Carlo Berardi has been a pharmacist for more than 30 years. He owns four pharmacies in the Sudbury area including the Nickel Centre Pharmacy in Sudbury, a traditional community pharmacy. “People depend on us as a source of medical advice, product selection, vaccinations and everything in between,” says Berardi. “We play a large role.”
Education: University of Toronto (Pharmacy) Western (MBA)
Current role: Pharmacist-owner, Nickel Centre Pharmacy and three other stores, Sudbury
How do you build trusted relationships with patients? You build these relationships one patient at a time. You have to take the time to address each person’s individual health concerns. I always ask if there is anything more I can do for a patient. You are not going to build a trusted relationship by advertising. It requires much more than that. Customers choose to come to you, and they have high expectations of the value you have to offer them. You have to be on your game to meet those expectations.
What would you say to new pharmacists about demonstrating their value to the broader health system? New graduates are incredibly well educated and trained—better than at any other time in our history. The biggest challenge is self-confidence. I would tell graduates not to be afraid to apply themselves. Take responsibility to meet the needs of your customers. At our pharmacy, for example, we make appointments with patients in their homes to review complex prescriptions with a pharmacist.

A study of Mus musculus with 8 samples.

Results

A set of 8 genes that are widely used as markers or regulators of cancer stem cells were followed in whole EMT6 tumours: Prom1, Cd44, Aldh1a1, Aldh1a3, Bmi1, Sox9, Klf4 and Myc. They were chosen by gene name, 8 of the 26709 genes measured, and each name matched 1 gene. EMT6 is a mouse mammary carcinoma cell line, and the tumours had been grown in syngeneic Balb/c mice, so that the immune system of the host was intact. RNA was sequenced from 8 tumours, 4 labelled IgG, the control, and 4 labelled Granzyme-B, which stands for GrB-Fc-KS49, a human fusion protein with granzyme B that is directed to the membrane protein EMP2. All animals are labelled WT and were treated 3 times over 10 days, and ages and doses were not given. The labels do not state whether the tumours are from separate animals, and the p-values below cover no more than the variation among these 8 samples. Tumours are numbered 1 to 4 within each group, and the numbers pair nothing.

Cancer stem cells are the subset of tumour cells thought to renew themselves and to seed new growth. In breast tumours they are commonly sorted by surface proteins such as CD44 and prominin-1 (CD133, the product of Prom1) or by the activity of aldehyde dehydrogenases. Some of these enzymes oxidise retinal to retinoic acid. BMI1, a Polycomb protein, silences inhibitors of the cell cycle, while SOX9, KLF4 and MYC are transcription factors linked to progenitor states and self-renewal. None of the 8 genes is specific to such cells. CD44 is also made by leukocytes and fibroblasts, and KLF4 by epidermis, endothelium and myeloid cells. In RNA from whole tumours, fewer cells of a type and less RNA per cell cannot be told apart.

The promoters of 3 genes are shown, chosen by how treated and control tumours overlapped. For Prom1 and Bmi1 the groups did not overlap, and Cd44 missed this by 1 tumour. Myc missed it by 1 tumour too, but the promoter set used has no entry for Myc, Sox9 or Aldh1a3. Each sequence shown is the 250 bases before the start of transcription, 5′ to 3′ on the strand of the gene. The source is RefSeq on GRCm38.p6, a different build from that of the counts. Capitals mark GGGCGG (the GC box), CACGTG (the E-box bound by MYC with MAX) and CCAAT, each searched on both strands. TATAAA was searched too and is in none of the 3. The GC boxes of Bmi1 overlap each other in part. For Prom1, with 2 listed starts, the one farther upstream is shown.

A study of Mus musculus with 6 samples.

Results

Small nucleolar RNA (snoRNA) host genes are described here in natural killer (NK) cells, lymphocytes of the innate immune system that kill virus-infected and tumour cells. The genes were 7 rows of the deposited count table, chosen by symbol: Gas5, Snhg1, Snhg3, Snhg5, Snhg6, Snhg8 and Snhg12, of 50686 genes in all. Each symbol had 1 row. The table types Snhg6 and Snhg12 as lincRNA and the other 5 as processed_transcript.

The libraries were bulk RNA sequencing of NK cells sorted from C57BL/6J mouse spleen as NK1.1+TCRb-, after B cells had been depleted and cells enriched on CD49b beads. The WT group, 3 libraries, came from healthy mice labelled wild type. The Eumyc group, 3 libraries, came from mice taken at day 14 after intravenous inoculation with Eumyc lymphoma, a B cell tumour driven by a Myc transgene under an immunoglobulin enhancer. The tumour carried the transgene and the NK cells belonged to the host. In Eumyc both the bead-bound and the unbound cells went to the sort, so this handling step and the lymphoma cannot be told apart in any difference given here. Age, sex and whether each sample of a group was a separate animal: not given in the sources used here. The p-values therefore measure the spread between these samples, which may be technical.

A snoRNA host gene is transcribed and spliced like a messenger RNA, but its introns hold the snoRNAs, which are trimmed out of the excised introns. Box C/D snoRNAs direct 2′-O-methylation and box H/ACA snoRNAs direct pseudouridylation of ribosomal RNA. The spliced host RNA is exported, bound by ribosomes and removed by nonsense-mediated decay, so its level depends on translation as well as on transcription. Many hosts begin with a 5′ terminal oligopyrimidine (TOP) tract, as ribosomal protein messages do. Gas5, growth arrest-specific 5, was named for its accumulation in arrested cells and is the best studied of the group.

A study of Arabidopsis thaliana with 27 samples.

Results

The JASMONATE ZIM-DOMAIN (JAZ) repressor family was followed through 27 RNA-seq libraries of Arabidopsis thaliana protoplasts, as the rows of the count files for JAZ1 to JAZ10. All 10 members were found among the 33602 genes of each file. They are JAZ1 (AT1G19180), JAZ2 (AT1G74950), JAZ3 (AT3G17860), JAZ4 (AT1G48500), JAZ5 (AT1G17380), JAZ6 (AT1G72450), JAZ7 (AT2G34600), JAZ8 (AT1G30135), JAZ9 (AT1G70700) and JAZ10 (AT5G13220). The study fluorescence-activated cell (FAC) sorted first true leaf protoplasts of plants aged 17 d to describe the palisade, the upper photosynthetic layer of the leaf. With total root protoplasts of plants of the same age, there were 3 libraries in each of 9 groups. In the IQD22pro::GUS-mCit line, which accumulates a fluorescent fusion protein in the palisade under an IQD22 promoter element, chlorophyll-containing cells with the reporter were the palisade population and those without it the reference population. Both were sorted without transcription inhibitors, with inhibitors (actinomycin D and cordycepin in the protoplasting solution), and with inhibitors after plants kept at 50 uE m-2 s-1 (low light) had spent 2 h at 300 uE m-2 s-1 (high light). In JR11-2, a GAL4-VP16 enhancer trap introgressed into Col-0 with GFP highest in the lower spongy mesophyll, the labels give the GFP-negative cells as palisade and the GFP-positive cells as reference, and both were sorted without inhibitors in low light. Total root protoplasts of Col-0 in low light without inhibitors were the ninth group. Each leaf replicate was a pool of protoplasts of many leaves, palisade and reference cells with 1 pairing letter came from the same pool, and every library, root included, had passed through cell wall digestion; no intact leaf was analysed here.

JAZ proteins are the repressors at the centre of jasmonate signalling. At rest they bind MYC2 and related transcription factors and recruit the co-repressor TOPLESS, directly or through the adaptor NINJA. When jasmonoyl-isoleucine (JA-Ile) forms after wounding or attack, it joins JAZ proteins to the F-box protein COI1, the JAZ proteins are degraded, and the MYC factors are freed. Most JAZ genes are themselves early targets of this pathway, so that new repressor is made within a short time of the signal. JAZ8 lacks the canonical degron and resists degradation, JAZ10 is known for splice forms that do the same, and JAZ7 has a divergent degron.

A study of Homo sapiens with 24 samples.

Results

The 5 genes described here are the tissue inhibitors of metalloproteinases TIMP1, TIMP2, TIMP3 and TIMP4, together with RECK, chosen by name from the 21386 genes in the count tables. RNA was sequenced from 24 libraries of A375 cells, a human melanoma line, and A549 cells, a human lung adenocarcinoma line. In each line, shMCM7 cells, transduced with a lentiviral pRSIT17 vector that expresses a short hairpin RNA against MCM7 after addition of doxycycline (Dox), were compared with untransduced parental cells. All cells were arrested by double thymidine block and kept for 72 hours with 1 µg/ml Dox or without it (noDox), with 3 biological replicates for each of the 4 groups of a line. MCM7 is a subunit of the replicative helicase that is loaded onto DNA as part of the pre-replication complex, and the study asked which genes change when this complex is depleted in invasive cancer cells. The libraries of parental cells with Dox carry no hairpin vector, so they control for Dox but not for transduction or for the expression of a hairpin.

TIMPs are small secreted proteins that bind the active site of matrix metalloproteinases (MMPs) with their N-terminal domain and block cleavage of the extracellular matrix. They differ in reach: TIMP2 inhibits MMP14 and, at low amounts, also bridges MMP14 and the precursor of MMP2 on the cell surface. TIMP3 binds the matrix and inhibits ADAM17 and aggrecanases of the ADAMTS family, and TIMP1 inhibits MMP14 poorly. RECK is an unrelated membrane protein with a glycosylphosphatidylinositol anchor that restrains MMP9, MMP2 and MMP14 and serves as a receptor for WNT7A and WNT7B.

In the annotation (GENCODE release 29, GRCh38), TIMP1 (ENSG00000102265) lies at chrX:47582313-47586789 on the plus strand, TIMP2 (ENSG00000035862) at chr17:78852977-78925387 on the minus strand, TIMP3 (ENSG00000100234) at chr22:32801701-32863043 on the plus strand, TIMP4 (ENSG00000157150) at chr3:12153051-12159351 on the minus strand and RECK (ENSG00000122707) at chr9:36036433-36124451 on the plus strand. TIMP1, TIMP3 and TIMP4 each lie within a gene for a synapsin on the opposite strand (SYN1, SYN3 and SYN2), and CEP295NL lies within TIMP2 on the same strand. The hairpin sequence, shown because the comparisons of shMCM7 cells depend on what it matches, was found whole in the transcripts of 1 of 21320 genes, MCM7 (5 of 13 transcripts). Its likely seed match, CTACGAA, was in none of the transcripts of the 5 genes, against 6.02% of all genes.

How is the perception of pharmacists changing within the health system and with patients? The public is seeing us move away from our primary role of dispensing medication. That’s why it is important for pharmacists to step out from behind the counter and help patients navigate their health concerns. This will help us to be seen as a valued member of the health system. The system too has changed. There is no longer any significant reluctance to turn to the pharmacist for health services. Today many doctors refer patients to pharmacists for services and this is only going to grow.
What is the most challenging aspect of being a pharmacist today? The external environment in which we operate can be very challenging. It seems that every time our profession talks to government we’re talking about withdrawal of services or reducing and limiting the ones we provide. It should be the other way around. Governments have limited resources and we can help.
We have to prove there is value in expanding pharmacists’ services. We have studies now quantifying their value. Still, it can be difficult to persuade payers and others.
What do you find most satisfying about being part of the pharmacy profession? I still love going to work. Every day my job lets me say, “How can I help you?” I know we make a difference as a profession. But it is important to get involved in associations. I urge pharmacists to become knowledgeable about the issues and speak up. It is essential we get involved at the community level. We are healthcare professionals and our community relies on our engagement. We play an important leadership role.
Leaders in Pharmacy, including this independently written article, is supported by Pfizer Canada Inc.